An interview with Christine Guyott, principal, Robert Rippe and Associates, Inc.



For a complete list of FE&S' Future Foodservice Leaders see The Future Is Now.

Christine GuyottName: Christine Guyott, FCSI, RD
Company: Robert Rippe and Associates, Inc.
Title: Principal
Age: 45
Industry involvement: Member of FCSI, AHF, and various committees in past years; currently FCSI –TA ICON Committee Chair; standing presenter at various food and nutrition/dietetic classes
Years in foodservice: 30 years
Educational background: BS – Nutritional Science from Pepperdine University; Dietetic Internship at Mayo-St. Mary's Hospital, Rochester, Minn.

What's the most important lesson you have learned?
My dad once told me "people don't care how much you know until they know how much you care." It has stuck with me and I think it is true. I'm not saying you don't have to know what you are talking about but a good attitude gets you in the door.

What's the best career advice you have been given?
Network, network, network β€” my professor said this in college and my manager at SYSCO repeated it and I tell every student and intern the same. You need to be involved in professional organizations, work on committees and get to know as many people as possible. The best jobs aren't posted online β€” they are found via word of mouth.

What makes you want to stay in the industry?
Not many people can say they love their work but I do, and I am proud to be involved with such great people at both my work and in the industry.

What attracted you to the industry?
I started in the restaurant industry when I was in high school and supported myself through college and my internship at various restaurants. In the beginning I was attracted to the fun people and the enjoyment of working hard and making money while I did that. My food service background led me to select food and nutrition as a major, and I was introduced to the clinical side of being a dietitian. In the end I was, and am still, attracted by the wonderful people and the multitude of doors that are opened by being in the foodservice industry. There are so many opportunities to use your skills.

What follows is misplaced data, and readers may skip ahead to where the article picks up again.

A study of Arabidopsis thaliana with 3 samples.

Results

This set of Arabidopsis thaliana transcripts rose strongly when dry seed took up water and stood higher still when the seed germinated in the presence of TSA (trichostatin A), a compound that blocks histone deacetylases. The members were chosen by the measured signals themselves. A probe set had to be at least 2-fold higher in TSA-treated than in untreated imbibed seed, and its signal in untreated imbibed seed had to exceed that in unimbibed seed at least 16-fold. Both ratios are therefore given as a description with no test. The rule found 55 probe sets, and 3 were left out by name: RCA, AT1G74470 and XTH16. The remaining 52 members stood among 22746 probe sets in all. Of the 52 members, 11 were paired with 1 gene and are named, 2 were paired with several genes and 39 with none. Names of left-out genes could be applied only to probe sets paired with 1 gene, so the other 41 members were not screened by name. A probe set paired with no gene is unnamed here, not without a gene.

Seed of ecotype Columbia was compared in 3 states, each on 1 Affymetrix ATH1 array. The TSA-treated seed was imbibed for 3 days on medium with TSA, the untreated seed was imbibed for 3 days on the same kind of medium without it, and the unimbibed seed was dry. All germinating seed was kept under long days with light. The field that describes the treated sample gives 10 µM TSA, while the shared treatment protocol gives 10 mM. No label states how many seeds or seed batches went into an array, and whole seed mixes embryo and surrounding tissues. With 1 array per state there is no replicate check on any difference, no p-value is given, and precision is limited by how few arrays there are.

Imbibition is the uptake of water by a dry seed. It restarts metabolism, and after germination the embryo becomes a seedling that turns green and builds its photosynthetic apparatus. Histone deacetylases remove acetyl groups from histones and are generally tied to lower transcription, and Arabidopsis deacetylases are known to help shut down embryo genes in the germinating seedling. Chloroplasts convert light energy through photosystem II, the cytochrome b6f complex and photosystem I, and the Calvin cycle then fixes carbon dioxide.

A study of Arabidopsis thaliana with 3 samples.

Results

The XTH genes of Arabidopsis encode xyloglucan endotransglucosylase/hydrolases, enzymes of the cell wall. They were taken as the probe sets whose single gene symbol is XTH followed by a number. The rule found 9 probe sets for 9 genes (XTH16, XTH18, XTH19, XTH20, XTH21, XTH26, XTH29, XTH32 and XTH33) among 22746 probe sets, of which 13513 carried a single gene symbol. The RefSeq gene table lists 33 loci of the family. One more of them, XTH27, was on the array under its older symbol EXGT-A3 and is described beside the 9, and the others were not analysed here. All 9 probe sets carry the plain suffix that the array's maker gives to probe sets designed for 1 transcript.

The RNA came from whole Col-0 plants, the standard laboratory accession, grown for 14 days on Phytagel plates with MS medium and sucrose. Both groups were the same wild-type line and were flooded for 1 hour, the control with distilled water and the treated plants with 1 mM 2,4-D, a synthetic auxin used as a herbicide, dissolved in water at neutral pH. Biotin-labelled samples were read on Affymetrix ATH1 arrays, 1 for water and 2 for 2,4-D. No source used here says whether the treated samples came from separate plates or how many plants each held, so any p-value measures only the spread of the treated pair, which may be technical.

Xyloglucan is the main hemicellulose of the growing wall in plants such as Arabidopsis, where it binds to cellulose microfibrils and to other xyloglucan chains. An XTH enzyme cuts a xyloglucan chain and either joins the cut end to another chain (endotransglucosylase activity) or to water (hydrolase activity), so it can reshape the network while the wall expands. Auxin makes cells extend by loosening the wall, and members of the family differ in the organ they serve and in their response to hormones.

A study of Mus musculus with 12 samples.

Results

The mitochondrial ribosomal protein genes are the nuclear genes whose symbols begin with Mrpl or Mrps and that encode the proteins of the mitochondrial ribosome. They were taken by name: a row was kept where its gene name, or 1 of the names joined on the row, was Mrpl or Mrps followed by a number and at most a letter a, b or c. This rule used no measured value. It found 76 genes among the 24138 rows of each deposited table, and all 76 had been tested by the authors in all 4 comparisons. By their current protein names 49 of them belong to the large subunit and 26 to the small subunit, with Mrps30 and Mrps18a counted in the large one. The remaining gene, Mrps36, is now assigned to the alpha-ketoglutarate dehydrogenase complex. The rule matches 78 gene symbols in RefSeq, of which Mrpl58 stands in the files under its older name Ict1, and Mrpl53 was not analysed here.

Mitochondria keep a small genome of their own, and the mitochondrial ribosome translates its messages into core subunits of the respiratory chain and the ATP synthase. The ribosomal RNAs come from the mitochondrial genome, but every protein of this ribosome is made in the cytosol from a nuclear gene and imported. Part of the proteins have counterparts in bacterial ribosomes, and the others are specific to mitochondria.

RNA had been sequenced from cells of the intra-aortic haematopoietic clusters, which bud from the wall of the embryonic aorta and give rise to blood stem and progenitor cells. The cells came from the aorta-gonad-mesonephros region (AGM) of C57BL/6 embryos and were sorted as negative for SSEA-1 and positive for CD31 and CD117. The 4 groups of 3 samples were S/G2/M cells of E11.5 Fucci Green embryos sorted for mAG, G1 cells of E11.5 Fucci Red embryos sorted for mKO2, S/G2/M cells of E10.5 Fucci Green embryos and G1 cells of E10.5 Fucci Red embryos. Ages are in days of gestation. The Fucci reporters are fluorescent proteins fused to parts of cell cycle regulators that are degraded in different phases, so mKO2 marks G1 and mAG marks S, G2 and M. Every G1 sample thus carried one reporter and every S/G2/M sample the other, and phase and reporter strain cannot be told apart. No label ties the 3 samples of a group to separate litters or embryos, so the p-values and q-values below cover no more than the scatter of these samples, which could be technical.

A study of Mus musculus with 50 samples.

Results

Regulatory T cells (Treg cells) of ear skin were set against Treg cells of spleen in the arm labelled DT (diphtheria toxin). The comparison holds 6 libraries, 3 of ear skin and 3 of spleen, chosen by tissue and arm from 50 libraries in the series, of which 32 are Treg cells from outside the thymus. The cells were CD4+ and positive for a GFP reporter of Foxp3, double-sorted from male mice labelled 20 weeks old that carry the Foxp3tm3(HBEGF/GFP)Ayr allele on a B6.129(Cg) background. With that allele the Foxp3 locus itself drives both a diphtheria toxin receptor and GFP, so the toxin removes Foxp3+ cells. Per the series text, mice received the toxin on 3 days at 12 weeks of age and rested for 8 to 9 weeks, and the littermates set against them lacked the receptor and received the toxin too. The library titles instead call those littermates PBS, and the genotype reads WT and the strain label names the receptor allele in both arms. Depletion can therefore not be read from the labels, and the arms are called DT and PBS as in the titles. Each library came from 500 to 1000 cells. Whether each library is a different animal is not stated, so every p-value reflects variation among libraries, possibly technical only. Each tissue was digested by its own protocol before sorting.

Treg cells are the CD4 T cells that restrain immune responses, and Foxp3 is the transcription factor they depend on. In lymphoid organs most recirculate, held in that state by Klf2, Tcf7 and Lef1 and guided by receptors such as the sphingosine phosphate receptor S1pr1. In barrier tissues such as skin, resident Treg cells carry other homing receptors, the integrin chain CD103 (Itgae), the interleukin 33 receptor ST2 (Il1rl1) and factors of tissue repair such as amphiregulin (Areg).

What has been your proudest accomplishment?
I am most proud seeing a design that we put on paper come to life. It is rewarding to walk through and watch the clients work in what started as a pencil sketch on a Saturday morning.

Describe the biggest challenge you have overcome.
In the consultant segment, I think it was my age. I started at Robert Rippe & Associates when I was in my late 20s. It was difficult to "consult" to foodservice directors with many years of experience. I am thankful for the mentoring I received from my colleagues and the support they have provided me.

What excites you most about the foodservice industry?
The amount of change and variety the industry still provides. There are constantly new spins on an old theme of "food and beverage". When I started the new spin was combination ovens, today it is energy savings and technology.

If you could improve one thing about the industry, what would it be?
That all of the different components of our industry can work together to effect change in a cohesive manner. It would be nice if there is an issue that has a resolution we can all benefit from, such as the NSF Protector Shelf requirements, that we come together as a community and instigate code changes.